The War on Drugs
My name is Emily Kenney and I am a future paralegal. I am applying for this scholarship for the relief that it will provide for the cost of higher education, but because the topic of drugs and the criminal justice system is fascinatingly frustrating. I graduated high school in 2006 and started a criminal justice degree at the University of Nebraska. Two college major changes, a transfer to the University of Nebraska at Omaha, and general confusion about my life goals led me to take a break from higher education. I bounced from job to job from a pet groomer to a large trucking company scheduler. A couple of years ago with a job at juvenile probation in Nebraska and I realized that while being a probation officer wasn’t for me, being involved with the court system was. I work full time and carry a full time school schedule. I received a scholarship from the Nebraska Paralegal Association last year and I have been named to the Dean’s List every semester since I started the program back in August of 2014. Outside of school, volunteering with Pug Partners of Nebraska keeps me busy as well as providing stress relief.
America’s War on Drugs is not being handled adequately by the criminal justice system. There is often a misconception about drugs and addiction. There are of course recreational drug users, but we also need to take into account those with addiction disorders. Addiction is a disease, and the criminal justice system is not up to par when it comes to treating offenders. It appears that more often than not, drugs offenders are not looked at as people, but as the drugs that they are addicted to. So many times prisons and jails are used as revolving doors for drug offenders because instead of being treated and rehabilitated during their sentences, they are essentially left in a cell until their time is up. Drugs are often available in the prison system, so when these offenders leave, they go back to their lifestyle of drugs and wind up back in the court system.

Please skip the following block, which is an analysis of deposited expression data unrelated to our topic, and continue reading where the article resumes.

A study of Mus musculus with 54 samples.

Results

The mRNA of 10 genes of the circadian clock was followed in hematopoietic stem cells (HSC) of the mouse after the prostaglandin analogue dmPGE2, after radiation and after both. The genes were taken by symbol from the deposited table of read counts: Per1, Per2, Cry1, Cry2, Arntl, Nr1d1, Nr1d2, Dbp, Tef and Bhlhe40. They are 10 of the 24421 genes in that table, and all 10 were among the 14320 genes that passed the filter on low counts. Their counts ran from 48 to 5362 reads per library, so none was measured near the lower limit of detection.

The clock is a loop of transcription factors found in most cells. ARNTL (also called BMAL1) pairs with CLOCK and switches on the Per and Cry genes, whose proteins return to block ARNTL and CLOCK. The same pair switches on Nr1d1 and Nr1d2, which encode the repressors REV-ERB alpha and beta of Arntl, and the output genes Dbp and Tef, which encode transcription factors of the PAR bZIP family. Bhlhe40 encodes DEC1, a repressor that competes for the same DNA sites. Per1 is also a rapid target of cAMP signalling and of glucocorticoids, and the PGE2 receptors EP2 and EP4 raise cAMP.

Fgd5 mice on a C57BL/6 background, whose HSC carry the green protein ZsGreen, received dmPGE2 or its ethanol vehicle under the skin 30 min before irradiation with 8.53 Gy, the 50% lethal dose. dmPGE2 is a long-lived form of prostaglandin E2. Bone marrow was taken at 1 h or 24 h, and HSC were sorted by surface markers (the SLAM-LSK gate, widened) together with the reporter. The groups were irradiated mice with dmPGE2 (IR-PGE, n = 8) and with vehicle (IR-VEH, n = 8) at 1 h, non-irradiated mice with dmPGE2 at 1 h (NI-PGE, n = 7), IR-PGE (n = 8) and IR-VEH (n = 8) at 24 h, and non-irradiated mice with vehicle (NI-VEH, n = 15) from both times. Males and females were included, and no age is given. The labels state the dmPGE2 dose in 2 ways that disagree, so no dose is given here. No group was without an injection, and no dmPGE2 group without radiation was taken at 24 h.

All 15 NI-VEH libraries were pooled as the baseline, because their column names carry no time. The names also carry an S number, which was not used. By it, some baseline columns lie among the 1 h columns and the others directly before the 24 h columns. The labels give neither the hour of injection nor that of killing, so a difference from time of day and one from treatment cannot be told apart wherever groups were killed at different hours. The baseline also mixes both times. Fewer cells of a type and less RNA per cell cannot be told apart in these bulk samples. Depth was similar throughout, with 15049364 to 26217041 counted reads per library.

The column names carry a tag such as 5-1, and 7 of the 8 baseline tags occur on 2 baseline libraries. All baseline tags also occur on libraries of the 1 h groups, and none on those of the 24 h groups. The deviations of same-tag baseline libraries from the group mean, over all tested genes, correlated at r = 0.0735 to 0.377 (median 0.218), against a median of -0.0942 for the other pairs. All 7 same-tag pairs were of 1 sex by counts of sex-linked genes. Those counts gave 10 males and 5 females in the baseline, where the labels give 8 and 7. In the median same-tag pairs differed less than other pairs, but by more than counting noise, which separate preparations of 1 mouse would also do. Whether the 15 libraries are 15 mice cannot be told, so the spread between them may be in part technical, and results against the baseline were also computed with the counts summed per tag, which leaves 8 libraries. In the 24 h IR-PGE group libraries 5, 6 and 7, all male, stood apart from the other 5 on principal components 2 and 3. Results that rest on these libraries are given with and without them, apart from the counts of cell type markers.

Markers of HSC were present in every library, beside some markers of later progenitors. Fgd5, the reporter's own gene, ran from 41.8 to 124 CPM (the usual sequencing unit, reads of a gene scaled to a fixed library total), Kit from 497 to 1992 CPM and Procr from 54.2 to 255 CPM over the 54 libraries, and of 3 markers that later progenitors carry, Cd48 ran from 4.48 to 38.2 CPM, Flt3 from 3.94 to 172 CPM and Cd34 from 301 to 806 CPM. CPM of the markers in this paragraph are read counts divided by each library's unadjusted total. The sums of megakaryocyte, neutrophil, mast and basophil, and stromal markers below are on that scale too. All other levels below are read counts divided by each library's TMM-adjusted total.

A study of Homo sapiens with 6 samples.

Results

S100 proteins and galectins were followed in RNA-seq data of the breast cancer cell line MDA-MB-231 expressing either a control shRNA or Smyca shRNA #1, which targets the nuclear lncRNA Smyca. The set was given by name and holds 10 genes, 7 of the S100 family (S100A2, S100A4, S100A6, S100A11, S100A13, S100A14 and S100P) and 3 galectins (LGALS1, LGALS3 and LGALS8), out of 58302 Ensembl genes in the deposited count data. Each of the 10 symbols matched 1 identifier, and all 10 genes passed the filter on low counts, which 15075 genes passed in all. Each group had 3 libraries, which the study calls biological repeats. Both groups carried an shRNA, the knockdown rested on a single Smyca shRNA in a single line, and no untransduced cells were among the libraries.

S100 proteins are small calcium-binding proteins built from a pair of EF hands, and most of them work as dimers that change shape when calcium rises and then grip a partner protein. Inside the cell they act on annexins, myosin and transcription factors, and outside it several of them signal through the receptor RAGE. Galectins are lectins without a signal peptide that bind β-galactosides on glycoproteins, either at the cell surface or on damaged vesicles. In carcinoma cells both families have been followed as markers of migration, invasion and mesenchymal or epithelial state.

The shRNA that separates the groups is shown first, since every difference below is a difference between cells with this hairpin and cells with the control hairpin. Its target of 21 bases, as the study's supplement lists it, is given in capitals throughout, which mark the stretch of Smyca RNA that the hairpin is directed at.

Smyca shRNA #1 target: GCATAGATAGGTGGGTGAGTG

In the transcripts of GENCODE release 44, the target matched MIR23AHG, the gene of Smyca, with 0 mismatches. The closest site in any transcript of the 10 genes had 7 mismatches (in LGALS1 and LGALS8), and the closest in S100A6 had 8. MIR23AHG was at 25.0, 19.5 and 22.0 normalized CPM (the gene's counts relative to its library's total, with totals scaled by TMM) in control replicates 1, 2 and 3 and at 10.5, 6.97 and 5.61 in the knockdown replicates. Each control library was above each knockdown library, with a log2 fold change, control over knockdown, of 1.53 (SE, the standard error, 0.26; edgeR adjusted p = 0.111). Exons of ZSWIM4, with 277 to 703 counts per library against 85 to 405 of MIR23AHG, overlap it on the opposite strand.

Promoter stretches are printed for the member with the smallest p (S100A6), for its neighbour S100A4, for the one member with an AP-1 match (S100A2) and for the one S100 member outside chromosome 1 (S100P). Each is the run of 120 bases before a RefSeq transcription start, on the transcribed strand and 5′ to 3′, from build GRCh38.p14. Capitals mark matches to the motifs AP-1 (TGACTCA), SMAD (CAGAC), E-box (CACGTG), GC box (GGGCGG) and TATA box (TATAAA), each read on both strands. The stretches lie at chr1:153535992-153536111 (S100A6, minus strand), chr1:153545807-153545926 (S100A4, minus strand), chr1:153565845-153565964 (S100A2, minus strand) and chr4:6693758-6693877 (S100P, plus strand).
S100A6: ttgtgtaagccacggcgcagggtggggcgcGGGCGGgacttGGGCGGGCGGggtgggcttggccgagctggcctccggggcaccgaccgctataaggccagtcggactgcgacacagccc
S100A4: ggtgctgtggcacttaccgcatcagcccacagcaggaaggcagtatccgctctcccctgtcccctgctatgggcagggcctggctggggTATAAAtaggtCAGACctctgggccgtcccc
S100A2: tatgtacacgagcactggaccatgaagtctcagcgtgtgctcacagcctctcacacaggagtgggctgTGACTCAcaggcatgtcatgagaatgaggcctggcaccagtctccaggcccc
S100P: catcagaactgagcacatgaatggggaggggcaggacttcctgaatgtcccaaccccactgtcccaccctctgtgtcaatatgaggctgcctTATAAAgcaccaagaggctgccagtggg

According to an article from The Wall Street Journal published in January of 2013 by Gary Becker and Kevin Murphy, the number of people incarcerated was 330,000 and by 2013 that number had increased to 1.6 million. In that same article, it mentions that almost 50% of the inmates in federal prison and 20% in state prisons are there from drug charges. There is a call to have less incarceration, but these statistics show that the criminal justice system has become accustomed to jailing people because they do not have the resources to get treatment for offenders. There’s also another issue when it comes to minor drug dealers and first time drug offenders spending time in jail. Most of them will find fewer job opportunities when they are released from jail and the time that they spent in the jail system tends to make them more savvy criminals.
There is a suggestion that there should be a decriminalization of all drugs in the United States. There needs to be a long discussion about the pros and cons of doing such a thing. The problem with this the cost of the war on drugs would not be reduced because the act of selling drugs would still be illegal. This leads to a discussion of possibly taxing drugs and the costs of the War on Drugs being greatly reduced. There needs to be more research put into this idea, because with the right amount of research we would have a better answer. It could end up with the cons outweighing the pros, but until we invest in the idea we won’t know.
The War on Drugs started out as an idea that people could get behind. Now, it has become a drain on the country’s finances and has caused overcrowding in prisons. The criminal justice system needs to be turning those funds towards rehabilitation, instead of trying to lock the problem of addiction behind bars.
Becker, G.S., & Murphy K.M. (2013, January 4). Have We Lost the War on Drugs? The Wall Street Journal. Retrieved from www.wsj.com/articles/SB10001424127887324374004578217682305605070.